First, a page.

Competitive Analysis


It’s a company/business/person close to you and/or your target market who offers the same or very similar service/product. You should know who your competition is and you should look to be familiar with their current offerings, marketing, advertising, promotions etc. You can scope out the competition online OR in person.

Depending on the size of your/their company – in person can be tricky. If you feel comfortable walking into their store then by all means go ahead and take note of everything from their customer service; their sales peoples knowledge, their sales; their POP displays (point of purchase) and their overall branding and consistency. You want to take a look at their promotions and how they push them and what they are sold out of (so you know what a popular sell is for them). Bring a notepad and paper and leave it in the car if you have to so you can jot down your “findings” as soon as you are finished. Now if you are a small business and they are a small business? Walking onto their territory in person may be too obvious and you don’t want to stir up any conflict…. I recommend getting your information online.

In the current age of transparency- it isn’t hard to see what you’re up against. With websites, blogs and social media- you can easily stay up to date with the information they choose to make public. “They choose to make public” are key words- you won’t know what is happening internally so it’s crucial that you follow them on a semi-regular basis. I recommend visiting their sites a minimum of every three months- you don’t have to break down a thorough competitive analysis every time! You can draw up a quick S.W.O.T analysis for each company based on your findings. (Click here for a previous blog post on S.W.O.T and a free template download.)

So you have their site(s) on your screen. What should you be looking for?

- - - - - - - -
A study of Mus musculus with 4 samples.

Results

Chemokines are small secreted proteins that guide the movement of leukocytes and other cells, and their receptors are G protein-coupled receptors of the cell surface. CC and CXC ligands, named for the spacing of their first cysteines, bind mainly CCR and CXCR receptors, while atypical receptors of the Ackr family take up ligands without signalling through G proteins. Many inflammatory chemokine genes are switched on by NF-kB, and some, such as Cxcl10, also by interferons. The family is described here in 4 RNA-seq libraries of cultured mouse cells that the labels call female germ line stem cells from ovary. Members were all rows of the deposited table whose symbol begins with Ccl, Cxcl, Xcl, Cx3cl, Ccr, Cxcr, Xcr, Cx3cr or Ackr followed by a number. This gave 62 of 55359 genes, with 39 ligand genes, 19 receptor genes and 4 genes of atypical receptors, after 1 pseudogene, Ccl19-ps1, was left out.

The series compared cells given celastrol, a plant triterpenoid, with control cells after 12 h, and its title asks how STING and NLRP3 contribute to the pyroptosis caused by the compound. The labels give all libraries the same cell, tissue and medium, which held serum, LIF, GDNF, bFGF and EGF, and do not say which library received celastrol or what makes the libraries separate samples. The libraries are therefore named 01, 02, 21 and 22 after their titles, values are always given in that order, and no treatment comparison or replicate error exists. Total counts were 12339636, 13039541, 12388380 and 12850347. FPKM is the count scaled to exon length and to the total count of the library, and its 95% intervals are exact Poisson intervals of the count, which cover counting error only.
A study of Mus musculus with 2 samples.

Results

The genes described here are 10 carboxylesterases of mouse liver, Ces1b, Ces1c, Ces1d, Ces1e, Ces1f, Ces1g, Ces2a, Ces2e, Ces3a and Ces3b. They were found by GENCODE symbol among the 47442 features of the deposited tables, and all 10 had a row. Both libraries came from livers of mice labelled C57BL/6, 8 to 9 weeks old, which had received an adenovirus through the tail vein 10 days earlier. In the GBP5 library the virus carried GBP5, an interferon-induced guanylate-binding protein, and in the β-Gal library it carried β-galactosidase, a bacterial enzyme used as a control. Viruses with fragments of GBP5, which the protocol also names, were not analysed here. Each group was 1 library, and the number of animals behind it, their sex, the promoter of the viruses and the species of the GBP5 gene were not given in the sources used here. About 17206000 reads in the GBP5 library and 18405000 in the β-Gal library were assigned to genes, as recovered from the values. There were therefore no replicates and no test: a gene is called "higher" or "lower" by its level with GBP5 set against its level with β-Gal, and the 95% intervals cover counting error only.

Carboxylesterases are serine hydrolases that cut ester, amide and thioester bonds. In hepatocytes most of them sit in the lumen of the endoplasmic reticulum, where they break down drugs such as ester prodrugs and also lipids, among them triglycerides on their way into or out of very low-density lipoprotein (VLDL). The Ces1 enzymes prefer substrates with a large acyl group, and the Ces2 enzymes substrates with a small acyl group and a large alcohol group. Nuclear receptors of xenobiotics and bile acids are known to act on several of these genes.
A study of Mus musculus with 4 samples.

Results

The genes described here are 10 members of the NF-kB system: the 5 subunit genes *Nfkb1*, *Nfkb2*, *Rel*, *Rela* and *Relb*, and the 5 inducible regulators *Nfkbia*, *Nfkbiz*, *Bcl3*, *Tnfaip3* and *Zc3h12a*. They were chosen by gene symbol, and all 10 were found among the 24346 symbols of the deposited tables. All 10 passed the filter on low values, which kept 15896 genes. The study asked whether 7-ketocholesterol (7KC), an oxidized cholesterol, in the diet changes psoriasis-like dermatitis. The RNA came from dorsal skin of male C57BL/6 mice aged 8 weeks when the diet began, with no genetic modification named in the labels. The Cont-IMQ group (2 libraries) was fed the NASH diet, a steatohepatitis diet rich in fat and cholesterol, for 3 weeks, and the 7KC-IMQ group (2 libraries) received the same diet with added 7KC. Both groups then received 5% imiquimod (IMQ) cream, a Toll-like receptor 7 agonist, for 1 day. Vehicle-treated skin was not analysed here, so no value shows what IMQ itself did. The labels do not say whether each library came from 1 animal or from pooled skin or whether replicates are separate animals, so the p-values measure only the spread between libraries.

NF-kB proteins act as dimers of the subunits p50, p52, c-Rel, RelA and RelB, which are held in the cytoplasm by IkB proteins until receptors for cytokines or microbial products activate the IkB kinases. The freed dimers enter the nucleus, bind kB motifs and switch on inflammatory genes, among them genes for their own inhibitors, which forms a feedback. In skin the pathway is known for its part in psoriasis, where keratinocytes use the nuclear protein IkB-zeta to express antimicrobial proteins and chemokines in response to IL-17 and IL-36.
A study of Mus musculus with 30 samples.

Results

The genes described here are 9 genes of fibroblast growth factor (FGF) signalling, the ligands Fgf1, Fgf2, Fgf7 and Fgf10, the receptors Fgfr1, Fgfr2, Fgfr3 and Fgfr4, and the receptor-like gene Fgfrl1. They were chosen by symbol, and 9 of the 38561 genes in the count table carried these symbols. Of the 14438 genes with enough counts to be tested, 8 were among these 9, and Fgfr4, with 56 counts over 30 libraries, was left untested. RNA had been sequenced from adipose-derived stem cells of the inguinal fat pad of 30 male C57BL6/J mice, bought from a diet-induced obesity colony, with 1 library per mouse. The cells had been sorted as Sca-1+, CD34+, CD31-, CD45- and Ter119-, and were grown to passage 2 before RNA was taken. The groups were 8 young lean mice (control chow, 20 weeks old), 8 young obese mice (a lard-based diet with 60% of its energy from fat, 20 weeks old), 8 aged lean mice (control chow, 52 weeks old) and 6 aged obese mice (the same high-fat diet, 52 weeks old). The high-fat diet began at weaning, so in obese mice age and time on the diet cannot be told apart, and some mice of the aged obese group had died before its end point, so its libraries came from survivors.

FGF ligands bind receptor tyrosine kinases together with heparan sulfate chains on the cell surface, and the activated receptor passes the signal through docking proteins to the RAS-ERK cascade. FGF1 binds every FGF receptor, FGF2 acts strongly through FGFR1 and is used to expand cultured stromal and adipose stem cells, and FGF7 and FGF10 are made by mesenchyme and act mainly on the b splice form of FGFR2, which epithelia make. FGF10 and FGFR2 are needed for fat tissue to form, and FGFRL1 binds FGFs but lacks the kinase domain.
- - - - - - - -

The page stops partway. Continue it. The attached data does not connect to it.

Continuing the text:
• How cohesive all of their channels are (branding)
  • How they are similar and how they are different from you
  • What are they doing better than you (be honest with yourself)
  • What current promotion they are offering/ what have the offered in the past
  • Price comparisons (ecommerce- be sure to check shipping rates)
  • If you want to test their customer service? Send them an anonymous question and see how long it takes for a reply and judge the quality of the response
  • Read online reviews. What is the public saying?

You probably have a good idea of who your top competitors are. If not? A search engine check using business keywords similar to yours (along with your city) will bring their information up for you. A trick is to save a file with your competition’s internet addresses (website URL, social media handles, blog sites) so you can re-visit them with a quick click of the link. You can also save them in your browsers ‘favorites’ and bookmark them. I recommend setting up ‘Google Alerts’ for your industry regardless of whether it’s for your competition or not so that you are getting updates from all over as they happen.

CAUTION: Don’t become so enthralled with what everyone else is doing that you lose sight of yourself and your business. Frequenting their online resources will give you an advantage but at the end of the day you need to ensure that your brand is on point and that you are doing the best you can with the resources available to you. Don’t select your “competition” based on what aspire to become because that will set you up with unrealistic expectations which could lead to failure. It’s great to have goals and be inspired by industry leaders- but when it comes to comparing competition? Keep apples to apples.